I signed up for summer peace building program after my initial introductory conflict resolution course last year. Despite learning a great deal, everything was blurry in my head and nothing quite made sense to me. I learned theories, we practiced through simulations in class, we had discussions, but every time I thought of a conflict, I didn’t really understand and it was difficult for me to apply a theory to the conflict and pinpoint the root of the conflict.
I came into SPP program to clear these confusions and to understand conflicts and learn about peacebuilding. I wanted to find concrete answers for some of the current conflicts. I have this tendency where I organize information in boxes in my head and that’s how I make sense of things. The first week of SPP has passed and even though I learned a lot and it all makes sense on their own; but I am confused where to put these chunks of information and overall it has become even more blurry than it was.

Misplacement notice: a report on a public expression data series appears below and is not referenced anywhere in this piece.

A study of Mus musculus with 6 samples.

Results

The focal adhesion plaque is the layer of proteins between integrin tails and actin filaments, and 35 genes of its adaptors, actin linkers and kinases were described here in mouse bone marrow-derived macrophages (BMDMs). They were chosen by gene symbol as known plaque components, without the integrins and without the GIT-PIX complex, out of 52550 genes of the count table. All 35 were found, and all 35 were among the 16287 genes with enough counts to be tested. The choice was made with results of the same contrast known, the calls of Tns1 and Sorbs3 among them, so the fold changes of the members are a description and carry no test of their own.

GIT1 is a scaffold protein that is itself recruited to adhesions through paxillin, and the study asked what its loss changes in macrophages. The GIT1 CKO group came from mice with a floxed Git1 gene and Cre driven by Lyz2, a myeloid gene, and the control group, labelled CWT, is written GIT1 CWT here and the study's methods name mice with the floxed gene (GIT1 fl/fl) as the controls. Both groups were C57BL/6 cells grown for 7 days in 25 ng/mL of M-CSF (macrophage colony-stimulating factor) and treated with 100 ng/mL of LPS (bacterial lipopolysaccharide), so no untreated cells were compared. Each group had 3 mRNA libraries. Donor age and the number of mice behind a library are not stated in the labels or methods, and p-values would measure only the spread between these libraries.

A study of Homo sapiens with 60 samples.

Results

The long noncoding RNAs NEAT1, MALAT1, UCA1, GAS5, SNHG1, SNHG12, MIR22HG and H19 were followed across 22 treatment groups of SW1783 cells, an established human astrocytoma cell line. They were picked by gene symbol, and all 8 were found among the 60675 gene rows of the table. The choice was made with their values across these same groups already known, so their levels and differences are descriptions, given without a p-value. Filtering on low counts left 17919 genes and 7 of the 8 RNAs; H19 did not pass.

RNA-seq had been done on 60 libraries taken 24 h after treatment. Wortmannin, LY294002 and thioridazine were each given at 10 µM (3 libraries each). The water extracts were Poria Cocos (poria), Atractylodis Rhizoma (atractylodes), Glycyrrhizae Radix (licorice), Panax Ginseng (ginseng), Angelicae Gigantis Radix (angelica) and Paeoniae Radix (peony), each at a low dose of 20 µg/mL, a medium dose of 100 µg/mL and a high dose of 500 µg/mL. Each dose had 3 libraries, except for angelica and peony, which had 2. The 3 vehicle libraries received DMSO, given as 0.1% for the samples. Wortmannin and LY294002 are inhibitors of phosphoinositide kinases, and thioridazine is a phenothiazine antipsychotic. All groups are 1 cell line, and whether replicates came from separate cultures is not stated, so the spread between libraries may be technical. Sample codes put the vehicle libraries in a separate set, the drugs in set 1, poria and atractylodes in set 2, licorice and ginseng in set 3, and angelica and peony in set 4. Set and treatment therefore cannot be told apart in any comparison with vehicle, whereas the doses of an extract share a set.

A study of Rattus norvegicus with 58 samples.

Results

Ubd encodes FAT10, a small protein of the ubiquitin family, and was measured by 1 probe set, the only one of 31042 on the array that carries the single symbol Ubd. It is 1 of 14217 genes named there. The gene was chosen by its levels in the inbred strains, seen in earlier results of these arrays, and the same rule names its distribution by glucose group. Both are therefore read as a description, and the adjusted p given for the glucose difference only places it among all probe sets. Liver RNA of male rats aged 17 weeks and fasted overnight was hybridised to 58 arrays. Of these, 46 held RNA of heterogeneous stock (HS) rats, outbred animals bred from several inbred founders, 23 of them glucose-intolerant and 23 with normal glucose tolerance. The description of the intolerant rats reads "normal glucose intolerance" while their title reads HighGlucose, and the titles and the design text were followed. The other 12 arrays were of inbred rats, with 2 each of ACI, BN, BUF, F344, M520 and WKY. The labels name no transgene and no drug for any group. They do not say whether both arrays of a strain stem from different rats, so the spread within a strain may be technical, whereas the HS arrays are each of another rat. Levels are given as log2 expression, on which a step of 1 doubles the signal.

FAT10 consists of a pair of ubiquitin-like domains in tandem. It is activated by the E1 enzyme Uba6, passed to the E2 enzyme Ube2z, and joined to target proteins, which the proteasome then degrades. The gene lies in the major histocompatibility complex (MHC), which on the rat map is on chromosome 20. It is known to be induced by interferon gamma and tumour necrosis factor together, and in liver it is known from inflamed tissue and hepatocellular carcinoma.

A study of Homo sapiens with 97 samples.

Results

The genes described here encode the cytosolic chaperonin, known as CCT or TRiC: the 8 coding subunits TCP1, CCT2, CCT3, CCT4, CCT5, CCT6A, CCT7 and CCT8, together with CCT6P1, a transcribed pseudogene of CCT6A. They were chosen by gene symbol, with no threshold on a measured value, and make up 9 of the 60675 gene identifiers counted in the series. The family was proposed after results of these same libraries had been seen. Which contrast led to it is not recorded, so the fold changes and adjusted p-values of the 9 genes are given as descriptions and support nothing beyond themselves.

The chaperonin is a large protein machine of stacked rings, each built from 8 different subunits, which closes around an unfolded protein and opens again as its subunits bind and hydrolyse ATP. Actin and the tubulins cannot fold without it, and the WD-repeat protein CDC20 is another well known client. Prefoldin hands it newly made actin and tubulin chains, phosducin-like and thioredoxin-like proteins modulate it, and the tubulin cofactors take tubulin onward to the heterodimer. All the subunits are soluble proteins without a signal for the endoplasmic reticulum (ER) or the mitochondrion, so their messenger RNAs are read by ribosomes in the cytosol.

In one of the sessions with Richard Rubenstein, he said” it is ok to be confused and have these difficult questions that no one can answer because conflict resolution and peacebuilding is complex. It is not easy.” In this one week of our program so far, I have learned so many different aspects and approaches to peacebuilding. But I have also realized that peacebuilding is complex where an interdisciplinary effort is needed.
In the first few days, we had different sessions with practitioners and professors about different aspects of peacebuilding and sometimes it was hard for me to follow and organize this information. But towards the end of the week, I appreciated this and realized that looking into different aspects of peacebuilding is extremely important for understanding the complexities of conflicts. And for these complex conflicts, a multi faceted interdisciplinary effort is required to tackle these conflicts.
In our first session, Dr. Iyer mentioned that peacebuilding is not an idealistic notion; in fact, it is very real. It is a political notion and requires strategic efforts. One week into our program and it is only a validation of this theory for me. For peacebuilding, people need to come together, it requires effort and long term commitment.